It has been three years since William Michael Dillon was released from a Florida prison after serving nearly 27 years for a murder DNA proves he didn’t commit. In that time, he has written music, been discovered by a veteran music producer and started to record his first album.
It was a fateful viewing of an episode of “On the Case With Paula Zahn” that profiled Dillon’s case that would help launch his music career.
Jim Tullio, an Evanston, Illinois-based producer would routinely glance up at the television in his recording studio while arranging music, according to the Chicago Tribune. But the day Tullio caught the introduction to the program that highlighted Dillon’s wrongful conviction case, he couldn’t look away. Tullio watched the whole episode and called the show’s producers in hopes of contacting Dillon, who during the interview spoke about his desire to make music.
(Above, Dillon performs with fellow exonerees Raymond Towler and Antoine Day at the Innocence Project’s Celebration of Freedom and Justice in New York earlier this year.)
Tullio learned that Dillon was wrongfully convicted in 1981 based on a questionable eyewitness identification, unreliable testimony from the handler of a scent-tracking dog and testimony from a jailhouse informant. Dillon was sentenced to life and moved to Florida State Prison.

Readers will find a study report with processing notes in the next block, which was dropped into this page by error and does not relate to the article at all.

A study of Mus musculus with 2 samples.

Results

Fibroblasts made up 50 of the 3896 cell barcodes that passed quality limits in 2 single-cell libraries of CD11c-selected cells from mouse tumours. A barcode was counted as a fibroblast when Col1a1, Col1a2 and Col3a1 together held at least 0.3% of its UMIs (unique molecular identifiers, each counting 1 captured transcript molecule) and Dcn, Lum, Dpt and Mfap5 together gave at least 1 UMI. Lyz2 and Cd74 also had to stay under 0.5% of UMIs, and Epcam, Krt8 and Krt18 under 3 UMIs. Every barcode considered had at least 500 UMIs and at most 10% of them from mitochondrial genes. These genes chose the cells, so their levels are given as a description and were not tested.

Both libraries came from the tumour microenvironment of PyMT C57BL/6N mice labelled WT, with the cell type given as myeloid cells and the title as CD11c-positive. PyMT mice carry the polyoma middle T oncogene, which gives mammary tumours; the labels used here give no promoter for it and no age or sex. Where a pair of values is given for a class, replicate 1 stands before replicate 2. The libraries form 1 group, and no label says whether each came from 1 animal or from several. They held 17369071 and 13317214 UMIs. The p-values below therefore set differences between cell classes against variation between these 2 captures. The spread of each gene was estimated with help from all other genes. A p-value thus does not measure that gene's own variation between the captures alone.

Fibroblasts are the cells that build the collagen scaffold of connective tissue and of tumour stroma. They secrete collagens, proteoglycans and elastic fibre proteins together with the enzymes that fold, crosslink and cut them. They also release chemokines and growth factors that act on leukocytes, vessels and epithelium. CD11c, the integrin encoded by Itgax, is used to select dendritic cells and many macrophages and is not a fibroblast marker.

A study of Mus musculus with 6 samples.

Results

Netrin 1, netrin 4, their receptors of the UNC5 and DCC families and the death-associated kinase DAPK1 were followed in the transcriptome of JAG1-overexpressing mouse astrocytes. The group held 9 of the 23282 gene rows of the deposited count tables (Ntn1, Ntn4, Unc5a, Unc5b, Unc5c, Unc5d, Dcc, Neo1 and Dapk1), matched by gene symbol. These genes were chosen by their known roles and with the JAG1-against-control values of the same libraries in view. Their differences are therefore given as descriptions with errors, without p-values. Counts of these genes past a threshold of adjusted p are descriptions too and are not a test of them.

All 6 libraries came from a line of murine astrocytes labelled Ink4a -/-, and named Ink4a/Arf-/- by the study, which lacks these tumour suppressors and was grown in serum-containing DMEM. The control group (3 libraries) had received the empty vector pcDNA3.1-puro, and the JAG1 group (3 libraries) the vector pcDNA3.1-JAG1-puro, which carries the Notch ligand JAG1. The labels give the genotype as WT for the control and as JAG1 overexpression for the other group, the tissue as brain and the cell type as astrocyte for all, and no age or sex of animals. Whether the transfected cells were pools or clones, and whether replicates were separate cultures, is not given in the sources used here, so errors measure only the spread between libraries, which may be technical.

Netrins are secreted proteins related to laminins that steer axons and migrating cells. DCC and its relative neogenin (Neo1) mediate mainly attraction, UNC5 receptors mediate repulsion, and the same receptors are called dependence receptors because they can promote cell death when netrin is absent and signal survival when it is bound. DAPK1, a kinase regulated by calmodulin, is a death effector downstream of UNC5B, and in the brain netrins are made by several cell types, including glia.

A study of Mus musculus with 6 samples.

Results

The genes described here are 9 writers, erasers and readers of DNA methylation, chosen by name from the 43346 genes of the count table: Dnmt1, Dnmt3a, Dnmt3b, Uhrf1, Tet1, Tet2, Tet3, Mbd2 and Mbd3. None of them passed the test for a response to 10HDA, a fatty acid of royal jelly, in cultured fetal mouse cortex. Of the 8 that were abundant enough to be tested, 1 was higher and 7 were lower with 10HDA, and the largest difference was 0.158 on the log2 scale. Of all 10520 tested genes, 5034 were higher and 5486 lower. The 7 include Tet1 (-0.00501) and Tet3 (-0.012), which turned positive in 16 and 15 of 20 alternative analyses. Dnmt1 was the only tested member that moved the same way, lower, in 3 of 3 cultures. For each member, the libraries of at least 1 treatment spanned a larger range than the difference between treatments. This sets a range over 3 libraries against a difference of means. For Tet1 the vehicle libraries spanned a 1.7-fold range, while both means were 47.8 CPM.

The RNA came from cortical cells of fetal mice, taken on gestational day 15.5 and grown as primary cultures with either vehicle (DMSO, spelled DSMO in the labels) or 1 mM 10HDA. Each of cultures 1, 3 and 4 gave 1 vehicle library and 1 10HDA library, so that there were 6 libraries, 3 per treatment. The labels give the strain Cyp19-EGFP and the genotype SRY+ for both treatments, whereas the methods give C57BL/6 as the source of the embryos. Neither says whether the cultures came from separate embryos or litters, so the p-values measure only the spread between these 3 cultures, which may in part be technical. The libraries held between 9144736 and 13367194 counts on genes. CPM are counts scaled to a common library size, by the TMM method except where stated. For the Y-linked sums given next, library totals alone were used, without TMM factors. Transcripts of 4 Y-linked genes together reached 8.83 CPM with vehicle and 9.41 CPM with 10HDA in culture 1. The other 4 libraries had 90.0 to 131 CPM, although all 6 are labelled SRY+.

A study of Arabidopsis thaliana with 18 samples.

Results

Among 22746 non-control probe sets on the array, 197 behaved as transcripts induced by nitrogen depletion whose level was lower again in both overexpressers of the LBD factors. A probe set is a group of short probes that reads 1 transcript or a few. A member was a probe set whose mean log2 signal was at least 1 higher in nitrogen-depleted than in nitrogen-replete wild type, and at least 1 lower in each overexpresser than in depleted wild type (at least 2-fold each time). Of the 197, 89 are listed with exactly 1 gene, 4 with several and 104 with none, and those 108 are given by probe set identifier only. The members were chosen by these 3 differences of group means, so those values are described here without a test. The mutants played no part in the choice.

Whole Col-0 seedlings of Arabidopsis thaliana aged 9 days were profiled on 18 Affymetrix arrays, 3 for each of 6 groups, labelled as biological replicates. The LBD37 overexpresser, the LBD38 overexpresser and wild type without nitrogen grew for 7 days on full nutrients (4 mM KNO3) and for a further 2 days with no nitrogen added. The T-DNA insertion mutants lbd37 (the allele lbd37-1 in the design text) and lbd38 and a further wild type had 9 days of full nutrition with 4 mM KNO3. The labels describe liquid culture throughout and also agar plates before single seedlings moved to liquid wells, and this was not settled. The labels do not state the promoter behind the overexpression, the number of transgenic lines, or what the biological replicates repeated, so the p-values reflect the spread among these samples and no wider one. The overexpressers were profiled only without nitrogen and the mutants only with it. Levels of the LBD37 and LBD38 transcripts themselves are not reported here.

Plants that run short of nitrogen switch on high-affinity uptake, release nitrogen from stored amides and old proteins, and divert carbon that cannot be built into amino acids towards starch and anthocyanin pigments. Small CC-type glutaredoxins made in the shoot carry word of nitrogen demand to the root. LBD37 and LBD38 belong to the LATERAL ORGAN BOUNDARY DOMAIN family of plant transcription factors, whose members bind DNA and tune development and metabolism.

“I thought if anybody needs a break in this world, this is the guy,” Tullio said.
Tullio finally tracked down Dillon and offered to fly him to Chicago to record an album at no cost. It was exactly what Dillon had been hoping for – to finally record the songs he’d written in prison that he’d written out on toilet paper.
Dillon performed and wrote with Tullio during a two-week visit this past summer. The songs they recorded address his experience being wrongfully convicted and also look toward the future.
“Ultimately what he wants is to be recognized as an artist, like anybody, not just a guy that spent 27 years in prison,” Tullio said. “I want a fan out there to go, ‘Wow, I can’t wait to hear William Dillon’s next record,’ like they would say about Van Morrison or anyone. I never want Bill to lose the fact that this is really quality stuff. It’s not pity coming from anybody.”
Dillon plans to return to Evanston later this month to finish work on his album.
Watch Dillon perform with Justified Freedom
in New York City, May 2011.
Visit Dillon’s website
to buy his CD and learn more about his story.